The leader of German weapons manufacturer Rheinmetall, Armin Papperger, warned this Monday that Europe’s warehouses are empty of ammunition and that it will take ten years for them to recover and the continent to be able to defend itself. “We will be fine in three or four years, but to be truly prepared we will need ten years”, defended Papperger, during the inauguration of a new factory in Untelüss, in northern Germany.
For the leader of the main European arms manufacturer, the continent must produce 1.5 million munitions, after sending a large part of the reserves to Ukraine, which is defending itself from the Russian invasion. “As long as we have war, we will help Ukraine, but then we will need at least five years, and ten years, to really fill the reserves” of ammunition, he insisted, in statements to the British BBC, cited by the Europa Press agency.
Rheinmetall aims to produce, across all its facilities in Europe, up to 700,000 artillery shells per year by 2025, compared to 400,000 to 500,000 this year. Before the Russian war in Ukraine, it only produced 70,000.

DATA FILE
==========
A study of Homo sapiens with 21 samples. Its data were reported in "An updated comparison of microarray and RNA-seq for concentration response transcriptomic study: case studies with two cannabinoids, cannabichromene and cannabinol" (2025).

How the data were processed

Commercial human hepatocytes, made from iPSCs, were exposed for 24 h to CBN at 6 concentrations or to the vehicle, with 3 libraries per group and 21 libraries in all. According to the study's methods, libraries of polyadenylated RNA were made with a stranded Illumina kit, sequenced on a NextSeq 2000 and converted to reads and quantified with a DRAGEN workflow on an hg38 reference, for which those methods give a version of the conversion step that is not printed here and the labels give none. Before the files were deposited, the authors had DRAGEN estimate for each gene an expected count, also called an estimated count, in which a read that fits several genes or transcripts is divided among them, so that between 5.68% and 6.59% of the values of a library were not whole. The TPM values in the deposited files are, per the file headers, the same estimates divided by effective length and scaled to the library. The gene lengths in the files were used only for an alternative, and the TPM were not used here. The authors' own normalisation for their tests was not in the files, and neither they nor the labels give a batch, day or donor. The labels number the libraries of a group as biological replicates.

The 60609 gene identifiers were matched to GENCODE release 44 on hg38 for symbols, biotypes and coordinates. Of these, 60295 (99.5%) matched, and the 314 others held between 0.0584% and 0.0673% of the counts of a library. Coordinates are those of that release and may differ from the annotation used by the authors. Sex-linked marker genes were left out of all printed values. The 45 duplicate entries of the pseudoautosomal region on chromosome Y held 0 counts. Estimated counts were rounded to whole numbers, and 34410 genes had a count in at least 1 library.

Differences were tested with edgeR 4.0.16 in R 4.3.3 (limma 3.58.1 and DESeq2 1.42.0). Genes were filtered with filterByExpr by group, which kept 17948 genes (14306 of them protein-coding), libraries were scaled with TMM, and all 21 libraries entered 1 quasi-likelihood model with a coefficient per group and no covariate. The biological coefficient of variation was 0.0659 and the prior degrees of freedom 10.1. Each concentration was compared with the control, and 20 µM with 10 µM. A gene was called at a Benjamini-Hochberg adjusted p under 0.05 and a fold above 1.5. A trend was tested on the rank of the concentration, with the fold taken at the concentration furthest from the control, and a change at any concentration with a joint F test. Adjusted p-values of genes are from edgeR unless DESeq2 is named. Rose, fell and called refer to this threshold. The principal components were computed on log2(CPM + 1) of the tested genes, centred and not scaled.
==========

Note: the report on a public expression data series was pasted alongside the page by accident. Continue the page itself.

The largest German arms manufacturer “already has a greater capacity than the United States” in terms of producing 155mm ammunition, Armin Papperger, head of Rheinmetall, told Agence France-Presse (AFP). In the future, “the United States would like to produce one million munitions per year and Europe two to three million, thanks to a union between European partners,” he added.
German Chancellor Olaf Scholz, Defense Minister Boris Pistorius and Danish Prime Minister Mette Frederiksen were also present at the inauguration. Olaf Scholz today also urged Europeans to turn to the mass production of military equipment, favoring grouped and long-term orders. “As harsh as this reality is, we do not live in times of peace”, stressed the German Chancellor.
Russia’s war in Ukraine and Vladimir Putin’s “imperial ambitions” pose “a great threat”, he warned. In this situation, “whoever wants peace must be able to dissuade possible aggressors”, defended the head of the Government in Germany.
Despite the billions of euros worth of weapons delivered to Ukraine by European Union (EU) countries since the start of the Russian invasion, they are still far from having reached sufficient capacity to sustainably support the country and replenish their own reserves.
By the end of March, the Europeans will have supplied only half of the million munitions promised to Ukraine last year. According to Olaf Scholz, to resolve these problems “closer” industrial cooperation between the 27 Member States is necessary.